With all the hype that attention-deficit/hyperactivity disorder (ADHD) has gotten over the years, it is not uncommon for parents to worry if their kids have it. Now it seems that in the near future, detection of this common disorder may be an MRI away. ADHD is a problem with inattentiveness, over-activity, impulsivity or a combination. It is the most common childhood behavioral diagnosis and affects boys more often than girls. In a recent study of preschoolers, imaging studies found a difference in the brain of those with ADHD symptoms compared to those without symptoms.
Researchers are trying to identify the disorder at an earlier stage (preschool) to help avoid negative effects on childhood behavior. Often studies aren’t done until after the age of 7 on children. This study found that the basal ganglia region of the brain was smaller in the preschool children with ADHD symptoms. Specifically, the reduced volume of the left and right caudate nuclei in the brain can be correlated to two of the three symptoms of ADHD (hyperactivity and impulsivity).
Often, normal behavior that occurs during the toddler and preschool years can be confused with ADHD. However, if parents and teachers both suspect there might be a problem with a child, MRIs in combination with other tests (questionnaires, psychological evaluation, physical exam, cognitive tests, etc.) might help to confirm the diagnosis at an earlier age. Generally ADHD affects about 3 to 7 percent of school age kids.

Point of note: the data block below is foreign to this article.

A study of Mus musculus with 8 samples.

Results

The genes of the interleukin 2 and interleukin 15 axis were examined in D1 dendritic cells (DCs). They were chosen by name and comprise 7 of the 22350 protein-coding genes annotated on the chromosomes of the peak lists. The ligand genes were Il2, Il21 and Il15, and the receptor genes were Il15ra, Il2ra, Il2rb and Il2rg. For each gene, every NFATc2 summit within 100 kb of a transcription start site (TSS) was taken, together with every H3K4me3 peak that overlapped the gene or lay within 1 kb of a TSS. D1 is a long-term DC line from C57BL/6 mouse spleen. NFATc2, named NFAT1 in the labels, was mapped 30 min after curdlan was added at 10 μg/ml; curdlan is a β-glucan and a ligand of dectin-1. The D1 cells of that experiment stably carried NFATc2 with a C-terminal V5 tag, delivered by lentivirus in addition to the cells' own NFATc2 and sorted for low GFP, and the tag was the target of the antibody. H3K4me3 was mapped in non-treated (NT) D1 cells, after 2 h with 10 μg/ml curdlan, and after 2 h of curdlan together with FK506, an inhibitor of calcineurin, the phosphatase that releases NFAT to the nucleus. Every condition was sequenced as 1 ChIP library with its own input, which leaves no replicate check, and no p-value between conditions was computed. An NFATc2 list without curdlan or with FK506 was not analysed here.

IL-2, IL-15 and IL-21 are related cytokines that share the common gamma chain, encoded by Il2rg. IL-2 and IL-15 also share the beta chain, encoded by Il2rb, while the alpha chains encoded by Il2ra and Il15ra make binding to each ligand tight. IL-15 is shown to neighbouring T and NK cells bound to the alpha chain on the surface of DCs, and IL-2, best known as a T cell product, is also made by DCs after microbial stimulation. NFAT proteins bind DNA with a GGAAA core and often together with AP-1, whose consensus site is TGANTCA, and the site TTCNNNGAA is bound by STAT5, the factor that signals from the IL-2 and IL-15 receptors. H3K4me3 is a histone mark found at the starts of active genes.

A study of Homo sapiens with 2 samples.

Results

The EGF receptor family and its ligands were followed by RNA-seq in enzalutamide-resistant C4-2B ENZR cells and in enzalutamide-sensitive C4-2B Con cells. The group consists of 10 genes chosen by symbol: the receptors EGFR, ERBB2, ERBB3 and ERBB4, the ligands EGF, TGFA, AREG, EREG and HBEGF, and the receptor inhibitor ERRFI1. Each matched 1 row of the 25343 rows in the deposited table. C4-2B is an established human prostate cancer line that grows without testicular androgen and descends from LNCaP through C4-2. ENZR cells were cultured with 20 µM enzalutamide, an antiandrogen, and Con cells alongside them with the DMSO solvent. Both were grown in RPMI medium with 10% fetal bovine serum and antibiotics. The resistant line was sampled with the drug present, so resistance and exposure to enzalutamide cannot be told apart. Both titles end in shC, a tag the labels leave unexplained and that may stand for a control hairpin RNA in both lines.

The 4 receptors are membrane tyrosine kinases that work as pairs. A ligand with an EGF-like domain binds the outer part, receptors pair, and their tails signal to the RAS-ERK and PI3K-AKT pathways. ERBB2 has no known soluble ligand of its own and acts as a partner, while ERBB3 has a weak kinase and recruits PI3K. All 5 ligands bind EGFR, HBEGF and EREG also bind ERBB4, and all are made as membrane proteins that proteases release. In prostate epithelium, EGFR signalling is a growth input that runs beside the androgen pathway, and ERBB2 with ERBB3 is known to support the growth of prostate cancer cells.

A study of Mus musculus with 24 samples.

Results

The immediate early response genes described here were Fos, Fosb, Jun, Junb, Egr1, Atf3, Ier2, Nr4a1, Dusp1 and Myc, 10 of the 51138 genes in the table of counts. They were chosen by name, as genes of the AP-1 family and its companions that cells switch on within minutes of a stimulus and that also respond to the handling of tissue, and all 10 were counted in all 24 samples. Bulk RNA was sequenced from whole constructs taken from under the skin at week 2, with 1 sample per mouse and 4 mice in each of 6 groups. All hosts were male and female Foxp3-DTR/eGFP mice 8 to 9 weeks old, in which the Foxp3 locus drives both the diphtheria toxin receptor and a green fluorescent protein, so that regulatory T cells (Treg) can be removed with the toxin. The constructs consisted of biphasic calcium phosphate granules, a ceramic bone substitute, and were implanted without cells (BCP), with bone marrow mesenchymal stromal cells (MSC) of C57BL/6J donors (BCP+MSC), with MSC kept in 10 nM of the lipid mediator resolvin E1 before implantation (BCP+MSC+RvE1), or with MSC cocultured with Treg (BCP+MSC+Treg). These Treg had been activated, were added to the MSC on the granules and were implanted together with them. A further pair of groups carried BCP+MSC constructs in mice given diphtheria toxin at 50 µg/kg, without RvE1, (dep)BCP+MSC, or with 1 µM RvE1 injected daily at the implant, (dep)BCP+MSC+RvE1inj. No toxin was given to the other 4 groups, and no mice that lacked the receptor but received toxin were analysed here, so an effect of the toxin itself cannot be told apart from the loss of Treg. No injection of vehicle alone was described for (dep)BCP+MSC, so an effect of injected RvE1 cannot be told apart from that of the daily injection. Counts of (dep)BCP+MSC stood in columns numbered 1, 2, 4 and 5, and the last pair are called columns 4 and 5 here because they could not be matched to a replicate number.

If is does appear to be ADHD, parents can address the problem through behavioral therapy, medication (if necessary) and doctor visits. Too often, unknowingly, parents can get frustrated when a child doesn’t listen or exhibits some of these symptoms. By understanding what the diagnosis is earlier on, parents can also become better equipped to handle behavioral challenges and learn to change their parenting techniques accordingly.